There are still 18 days until spring training, but Rob and I feel like we might be caught up by double posting today. So while Rob wrote about Casey Crosby earlier today, I am writing about
Don Kelly "the next Don Kelly," Jeff Kobernus.
What happened last season?
Kobernus spent the 2012 season with Double-A Harrisburg, where he hit .282 with little power and just 19 walks in 366 plate appearances. However, he did steal 42 bases for a two-year total of 95. By now -- with that whole base-stealing thing -- it should be quite apparent that Kobernus was not playing in the Tigers organization. He was, in fact, with the Washington Nationals' organization. The Tigers took him in the Rule 5 Draft (via a trade that sent Jeff Henry to the Red Sox).
And since you asked, yes, he can play second base. He's spent time at both middle infield positions.
Ranking Kobernus No. 6 in the Nationals system, Marc Hulet at Fangraphs wrote about him:
When I asked a contact about Kobernus, he described the prospect as a "table-setter" who sprays line drives with gap strength. He also provides steady defense at second base. Although he's played the keystone almost exclusively in his career there has been some talk of expanding his defensive repertoire to include other positions - in an effort to perhaps prepare him for a future utility role - but a cracked rib derailed the experiment during the fall instructional league.
What needs to happen in 2013?
Well, first, he needs to make the Tigers' active roster, and he needs to stay on the Tigers' active roster, or else Rule 5 rules require Detroit to offer him back to his former organization. Naturally, the more interesting question is, what does he need to do to make the team?
Well, the No. 1 rule to becoming the next Don Kelly is surpassing the current Don Kelly -- Jim Leyland's youngest nephew (at least, we think that's the case) signed a minor-league deal with the organization, and there's only room for one Donnie Kelly.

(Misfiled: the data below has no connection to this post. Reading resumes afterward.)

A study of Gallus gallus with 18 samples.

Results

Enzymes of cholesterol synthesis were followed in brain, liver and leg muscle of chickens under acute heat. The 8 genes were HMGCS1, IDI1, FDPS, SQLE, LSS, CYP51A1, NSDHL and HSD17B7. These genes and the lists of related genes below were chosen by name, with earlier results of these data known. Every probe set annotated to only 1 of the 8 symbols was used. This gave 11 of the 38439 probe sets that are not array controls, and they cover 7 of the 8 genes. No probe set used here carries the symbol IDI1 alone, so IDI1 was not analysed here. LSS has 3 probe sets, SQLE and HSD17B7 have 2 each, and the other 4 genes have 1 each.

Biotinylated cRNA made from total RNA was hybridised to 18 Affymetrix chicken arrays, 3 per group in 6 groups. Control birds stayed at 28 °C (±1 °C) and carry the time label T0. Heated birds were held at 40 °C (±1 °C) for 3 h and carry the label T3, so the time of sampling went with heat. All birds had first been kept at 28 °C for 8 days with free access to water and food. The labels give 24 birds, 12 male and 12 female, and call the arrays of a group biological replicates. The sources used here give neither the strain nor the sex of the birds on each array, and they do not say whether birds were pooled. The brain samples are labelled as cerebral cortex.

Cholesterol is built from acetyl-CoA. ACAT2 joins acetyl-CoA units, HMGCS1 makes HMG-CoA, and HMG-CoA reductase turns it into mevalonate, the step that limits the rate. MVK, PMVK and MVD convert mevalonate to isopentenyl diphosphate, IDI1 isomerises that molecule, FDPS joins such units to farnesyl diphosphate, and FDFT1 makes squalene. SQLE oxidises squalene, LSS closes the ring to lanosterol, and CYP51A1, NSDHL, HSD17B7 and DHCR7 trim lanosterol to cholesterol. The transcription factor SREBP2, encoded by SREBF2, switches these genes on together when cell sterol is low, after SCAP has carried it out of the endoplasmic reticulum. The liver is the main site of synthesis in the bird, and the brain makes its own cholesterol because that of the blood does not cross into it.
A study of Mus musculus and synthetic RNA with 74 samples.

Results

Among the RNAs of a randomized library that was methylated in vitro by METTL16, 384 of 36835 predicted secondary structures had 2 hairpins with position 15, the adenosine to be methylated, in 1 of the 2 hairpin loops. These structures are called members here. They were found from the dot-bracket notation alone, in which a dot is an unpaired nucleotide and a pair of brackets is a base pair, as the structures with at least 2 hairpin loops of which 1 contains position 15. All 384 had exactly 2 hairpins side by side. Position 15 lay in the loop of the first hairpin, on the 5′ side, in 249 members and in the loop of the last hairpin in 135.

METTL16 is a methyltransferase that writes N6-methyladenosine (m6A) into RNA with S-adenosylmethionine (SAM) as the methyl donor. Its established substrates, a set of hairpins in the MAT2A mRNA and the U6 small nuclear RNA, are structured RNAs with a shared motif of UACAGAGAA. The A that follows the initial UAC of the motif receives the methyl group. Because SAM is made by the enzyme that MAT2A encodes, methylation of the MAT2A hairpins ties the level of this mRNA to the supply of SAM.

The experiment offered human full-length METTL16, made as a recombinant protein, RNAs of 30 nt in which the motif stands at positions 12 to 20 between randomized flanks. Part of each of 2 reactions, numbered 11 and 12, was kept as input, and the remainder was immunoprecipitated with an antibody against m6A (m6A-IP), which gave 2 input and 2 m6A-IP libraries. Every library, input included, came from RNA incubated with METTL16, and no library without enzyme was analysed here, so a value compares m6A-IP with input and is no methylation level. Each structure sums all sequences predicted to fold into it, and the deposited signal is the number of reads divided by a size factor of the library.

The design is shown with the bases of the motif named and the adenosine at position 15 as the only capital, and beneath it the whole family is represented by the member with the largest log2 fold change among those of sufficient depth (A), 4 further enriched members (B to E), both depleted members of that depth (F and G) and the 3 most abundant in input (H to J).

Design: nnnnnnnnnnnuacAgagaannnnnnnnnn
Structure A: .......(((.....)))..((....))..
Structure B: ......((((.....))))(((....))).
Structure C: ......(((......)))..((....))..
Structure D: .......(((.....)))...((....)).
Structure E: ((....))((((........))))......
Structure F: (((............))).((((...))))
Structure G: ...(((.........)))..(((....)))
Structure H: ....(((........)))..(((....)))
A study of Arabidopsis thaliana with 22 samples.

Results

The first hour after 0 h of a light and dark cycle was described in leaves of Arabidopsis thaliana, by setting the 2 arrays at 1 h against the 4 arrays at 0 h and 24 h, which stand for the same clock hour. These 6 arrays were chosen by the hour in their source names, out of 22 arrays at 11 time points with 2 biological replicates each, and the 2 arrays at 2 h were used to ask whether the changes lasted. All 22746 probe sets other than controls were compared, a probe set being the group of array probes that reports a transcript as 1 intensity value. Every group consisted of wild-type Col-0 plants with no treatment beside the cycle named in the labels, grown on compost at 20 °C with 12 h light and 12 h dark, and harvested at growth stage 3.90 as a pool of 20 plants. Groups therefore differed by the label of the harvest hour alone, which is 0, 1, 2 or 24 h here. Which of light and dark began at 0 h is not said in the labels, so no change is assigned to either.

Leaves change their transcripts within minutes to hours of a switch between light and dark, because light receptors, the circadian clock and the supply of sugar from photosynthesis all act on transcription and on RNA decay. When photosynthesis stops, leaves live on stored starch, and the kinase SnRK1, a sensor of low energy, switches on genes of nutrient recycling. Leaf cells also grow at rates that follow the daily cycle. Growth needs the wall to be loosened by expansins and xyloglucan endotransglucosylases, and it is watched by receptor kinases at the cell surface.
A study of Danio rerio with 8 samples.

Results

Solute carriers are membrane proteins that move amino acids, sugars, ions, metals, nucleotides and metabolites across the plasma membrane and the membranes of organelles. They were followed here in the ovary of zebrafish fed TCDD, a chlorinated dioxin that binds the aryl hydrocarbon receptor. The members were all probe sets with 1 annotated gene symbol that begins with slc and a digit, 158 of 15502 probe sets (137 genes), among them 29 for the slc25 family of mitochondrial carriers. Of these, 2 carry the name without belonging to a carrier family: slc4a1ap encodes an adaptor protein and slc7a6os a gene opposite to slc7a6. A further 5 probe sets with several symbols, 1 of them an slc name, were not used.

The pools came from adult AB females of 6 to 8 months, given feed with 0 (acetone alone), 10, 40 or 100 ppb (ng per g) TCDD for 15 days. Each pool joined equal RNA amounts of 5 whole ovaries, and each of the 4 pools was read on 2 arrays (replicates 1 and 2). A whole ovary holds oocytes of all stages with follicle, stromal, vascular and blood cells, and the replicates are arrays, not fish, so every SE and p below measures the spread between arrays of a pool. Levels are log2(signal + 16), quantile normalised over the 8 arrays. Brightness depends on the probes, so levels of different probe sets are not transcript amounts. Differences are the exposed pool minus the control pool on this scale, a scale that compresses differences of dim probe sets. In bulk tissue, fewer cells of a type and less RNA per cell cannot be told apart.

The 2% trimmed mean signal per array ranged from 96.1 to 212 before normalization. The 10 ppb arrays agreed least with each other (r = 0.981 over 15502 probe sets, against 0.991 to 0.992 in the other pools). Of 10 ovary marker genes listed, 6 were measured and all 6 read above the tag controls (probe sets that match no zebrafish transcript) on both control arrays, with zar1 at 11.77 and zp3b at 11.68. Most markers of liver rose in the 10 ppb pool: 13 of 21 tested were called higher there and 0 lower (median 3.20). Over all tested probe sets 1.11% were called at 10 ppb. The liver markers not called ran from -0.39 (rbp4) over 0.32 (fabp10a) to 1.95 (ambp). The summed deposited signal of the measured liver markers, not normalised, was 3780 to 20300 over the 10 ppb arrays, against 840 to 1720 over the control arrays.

To do that, Kobernus is going to have to show he's got some value as an outfielder as well as an infielder. The true reason Kelly always stuck around with the club even though most assumed he had naughty pictures of Leyland is that he could be worked into quite a few situations that might arise during a game: defensive replacement infield, outfield or, apparently, emergency catcher. He could pinch run. He could provide bullpen help. Of course, what he didn't do was hit well with any consistency. But if he did, he'd be a starter, not a role player, right? That's the way this role-playing thing works.
So Kobernus has to provide his new manager with a lot of flexibility. The advantage he has over Kelly, and probably the reason the Tigers added him in the first place, is the ability to steal bases. Chasing after steals isn't really a necessity, per se. Different rosters find different ways to score runs. There's no one-size-fits-all format despite what the traditionalists or the pickled voices you hear on sports talk radio tell you. Yet at least having a threat, having a player or two who can execute when the situation calls for it, seems like a no-brainer. Sometimes, you know, you just need a fast guy who makes the pitcher and catcher think a bit or who can rip around the bases to score an all-important late-innings run.
|2012 / Double-A
|2013 ZiPS projection||464||.252||.279||.316||3||38||31||16||97|
Bottom line, what do I think?
It's really hard to project a Rule 5 guy. Essentially, the Tigers made a low-risk trade that they hope will have some reward. If he is a capable utility player, he adds a piece to the puzzle. If he goes beyond that, maybe the Tigers have a second baseman for a season or two after Omar Infante's contract is up. And if none of of this happens the cost of Justin Henry and maybe some petty cash wasn't much to pay to take a closer look.
He might make it. He might not. I really have no clue. But it sure would be nice to see a little more speed on the team, wouldn't it?